05 August 2006

the long road home.

like a ten minute dream in the passenger seat
while the world is flyiing by
i haven't been gone very long
but it feels like a lifetime

So here I am in Galway, Ireland at 2 AM, staying awake to catch a bus to the airport in two hours. Sitting at the Claddagh (riverside) in Galway, drinking cider in the mist tonight with Joey, Erin and I realized how absurd the past three weeks of our lives have been. We should have been sitting in the Tel Aviv airport waiting for a flight to Atlanta, and instead, we're a continent away in one of the most beautiful places I've ever seen after wandering across five countries. This summer has been life changing in so many ways, some of which I don't fully understand yet. Do I want to go to graduate school next fall? Is this really what I want to study? Is this who I want to be? I'm not sure I know anymore, but I think I like the uncertainty.

If this adventure has taught me anything, it's to plan less and live more. I've never had so much fun as when we walked off a plane or train into a random city, uncertain where we'd sleep that night or what country we'd be in the next day. Looking back on the things I wish I'd done in Haifa before we had to leave, I don't want that feeling ever again. I put things off believing in the certainty of tomorrow and next week, and I realize now more than ever how quickly things can change. While I'd rather have finished out my time in Israel and Palestine, I think I needed this time to decompress while wandering across Europe. So, I'd like to extend special thanks to everyone who made this trip the absurd adventure it turned out to be:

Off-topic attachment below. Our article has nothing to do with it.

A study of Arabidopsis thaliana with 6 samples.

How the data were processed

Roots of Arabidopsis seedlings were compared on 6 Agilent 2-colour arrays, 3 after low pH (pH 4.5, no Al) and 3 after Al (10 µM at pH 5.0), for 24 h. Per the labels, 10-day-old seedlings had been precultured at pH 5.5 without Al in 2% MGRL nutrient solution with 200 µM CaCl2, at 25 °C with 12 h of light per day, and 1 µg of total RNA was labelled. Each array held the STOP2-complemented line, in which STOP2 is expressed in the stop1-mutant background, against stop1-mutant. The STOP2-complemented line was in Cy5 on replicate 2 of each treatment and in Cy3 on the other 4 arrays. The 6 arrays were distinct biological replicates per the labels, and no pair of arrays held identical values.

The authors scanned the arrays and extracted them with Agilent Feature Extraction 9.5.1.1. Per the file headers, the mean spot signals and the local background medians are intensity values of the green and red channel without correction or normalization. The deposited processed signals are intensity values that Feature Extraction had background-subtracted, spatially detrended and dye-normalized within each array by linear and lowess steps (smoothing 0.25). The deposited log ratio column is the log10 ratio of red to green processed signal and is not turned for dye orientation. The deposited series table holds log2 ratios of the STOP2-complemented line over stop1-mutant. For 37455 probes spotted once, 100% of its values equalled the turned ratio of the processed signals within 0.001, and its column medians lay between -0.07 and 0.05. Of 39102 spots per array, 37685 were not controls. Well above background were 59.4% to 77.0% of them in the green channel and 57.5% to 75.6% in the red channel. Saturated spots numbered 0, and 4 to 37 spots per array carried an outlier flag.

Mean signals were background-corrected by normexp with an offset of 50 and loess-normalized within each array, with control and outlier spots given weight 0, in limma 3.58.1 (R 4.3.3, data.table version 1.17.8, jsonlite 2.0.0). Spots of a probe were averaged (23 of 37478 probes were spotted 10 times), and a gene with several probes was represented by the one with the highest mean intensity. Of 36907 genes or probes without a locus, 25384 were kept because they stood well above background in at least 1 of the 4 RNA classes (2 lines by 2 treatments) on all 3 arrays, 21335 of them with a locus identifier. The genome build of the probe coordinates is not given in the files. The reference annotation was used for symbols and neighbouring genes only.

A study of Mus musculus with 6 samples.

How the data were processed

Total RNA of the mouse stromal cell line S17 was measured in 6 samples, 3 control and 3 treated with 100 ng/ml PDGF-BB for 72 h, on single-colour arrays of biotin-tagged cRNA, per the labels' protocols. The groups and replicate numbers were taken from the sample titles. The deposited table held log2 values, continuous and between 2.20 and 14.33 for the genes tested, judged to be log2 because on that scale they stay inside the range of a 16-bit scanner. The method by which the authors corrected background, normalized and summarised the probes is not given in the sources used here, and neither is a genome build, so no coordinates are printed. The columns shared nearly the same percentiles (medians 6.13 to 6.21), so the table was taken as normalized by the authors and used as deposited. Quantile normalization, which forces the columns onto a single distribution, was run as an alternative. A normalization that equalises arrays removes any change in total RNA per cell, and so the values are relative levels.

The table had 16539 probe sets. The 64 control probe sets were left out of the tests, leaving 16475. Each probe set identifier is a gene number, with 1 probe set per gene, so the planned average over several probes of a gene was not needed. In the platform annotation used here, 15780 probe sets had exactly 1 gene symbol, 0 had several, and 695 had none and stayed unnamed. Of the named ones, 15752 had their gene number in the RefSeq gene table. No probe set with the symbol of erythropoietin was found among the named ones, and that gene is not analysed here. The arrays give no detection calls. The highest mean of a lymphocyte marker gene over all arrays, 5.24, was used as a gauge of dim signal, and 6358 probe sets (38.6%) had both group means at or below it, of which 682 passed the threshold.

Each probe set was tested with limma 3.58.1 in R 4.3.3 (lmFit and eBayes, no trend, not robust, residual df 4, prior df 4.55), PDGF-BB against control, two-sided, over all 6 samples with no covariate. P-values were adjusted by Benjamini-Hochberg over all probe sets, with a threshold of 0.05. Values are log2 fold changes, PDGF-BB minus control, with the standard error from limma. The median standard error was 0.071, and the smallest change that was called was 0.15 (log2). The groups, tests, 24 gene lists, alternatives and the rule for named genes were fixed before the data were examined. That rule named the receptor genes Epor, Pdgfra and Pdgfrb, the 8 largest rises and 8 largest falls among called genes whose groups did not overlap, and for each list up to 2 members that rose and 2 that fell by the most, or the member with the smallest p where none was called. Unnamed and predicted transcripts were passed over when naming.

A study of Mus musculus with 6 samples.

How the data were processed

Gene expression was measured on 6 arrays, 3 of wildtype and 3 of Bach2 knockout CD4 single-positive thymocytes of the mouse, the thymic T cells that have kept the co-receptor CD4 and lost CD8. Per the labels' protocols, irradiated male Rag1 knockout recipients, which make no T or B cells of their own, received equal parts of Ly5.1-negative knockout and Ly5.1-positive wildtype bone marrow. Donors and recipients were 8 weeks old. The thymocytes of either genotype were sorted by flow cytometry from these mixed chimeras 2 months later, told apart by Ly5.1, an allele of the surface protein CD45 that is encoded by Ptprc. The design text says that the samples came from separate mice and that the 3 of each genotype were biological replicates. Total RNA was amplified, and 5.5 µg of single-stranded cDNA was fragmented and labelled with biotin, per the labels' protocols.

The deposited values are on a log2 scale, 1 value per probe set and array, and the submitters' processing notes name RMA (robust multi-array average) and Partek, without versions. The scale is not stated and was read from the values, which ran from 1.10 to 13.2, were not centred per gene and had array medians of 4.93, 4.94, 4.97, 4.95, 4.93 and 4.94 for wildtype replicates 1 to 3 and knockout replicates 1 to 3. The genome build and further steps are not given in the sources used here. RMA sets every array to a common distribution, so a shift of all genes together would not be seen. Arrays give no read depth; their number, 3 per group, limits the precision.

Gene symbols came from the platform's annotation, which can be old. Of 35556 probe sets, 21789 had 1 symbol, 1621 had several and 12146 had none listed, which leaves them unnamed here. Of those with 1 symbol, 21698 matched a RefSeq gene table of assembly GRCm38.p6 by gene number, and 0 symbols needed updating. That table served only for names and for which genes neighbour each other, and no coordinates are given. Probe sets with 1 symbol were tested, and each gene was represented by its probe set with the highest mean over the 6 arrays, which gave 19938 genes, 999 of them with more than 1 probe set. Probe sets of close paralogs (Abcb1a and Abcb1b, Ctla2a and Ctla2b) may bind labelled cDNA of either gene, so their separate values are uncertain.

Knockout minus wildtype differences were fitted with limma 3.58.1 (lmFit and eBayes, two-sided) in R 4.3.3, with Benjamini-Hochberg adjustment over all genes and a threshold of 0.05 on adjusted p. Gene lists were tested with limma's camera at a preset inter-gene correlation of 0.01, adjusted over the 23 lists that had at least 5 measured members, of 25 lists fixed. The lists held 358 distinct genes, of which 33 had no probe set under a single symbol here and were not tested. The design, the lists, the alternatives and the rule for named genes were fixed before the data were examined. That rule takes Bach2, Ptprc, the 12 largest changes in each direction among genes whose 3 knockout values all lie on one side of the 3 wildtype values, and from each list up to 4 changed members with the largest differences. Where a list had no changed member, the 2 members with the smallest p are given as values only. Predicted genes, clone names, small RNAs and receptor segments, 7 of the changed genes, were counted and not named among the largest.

Conor Oberst for writing brilliantly introspective music that composed the soundtrack (and entry titles) for this trip. Hakan, Ersin, Murat, and nameless Greek chemistry student (and mother) for giving us places to sleep, breakfast, and showing us firsthand the generosity of strangers. David, Alli, and Joey for being amazing and studying/working across Europe, and for being willing to take in random refugees (and even give up their beds, unwilingly in some cases). And finally, thank you to those back in the states who supported me unconditionally through all of the chaos and are making the trip back the one I've looked forward to most in all of my travels. I've never really felt ties to a particular place, instead believing that "home is where you lay your hat," but you have made coming back to Gainesville feel like coming home.

i don't know where i am
i don't know where i've been
but i know where i want to go
and so i thought i'd let you know
yeah these things take forever
i especially am slow
but i realized that i need you
and i wondered if i could

(happy birthday to Caitlin, Matt, and Christine!)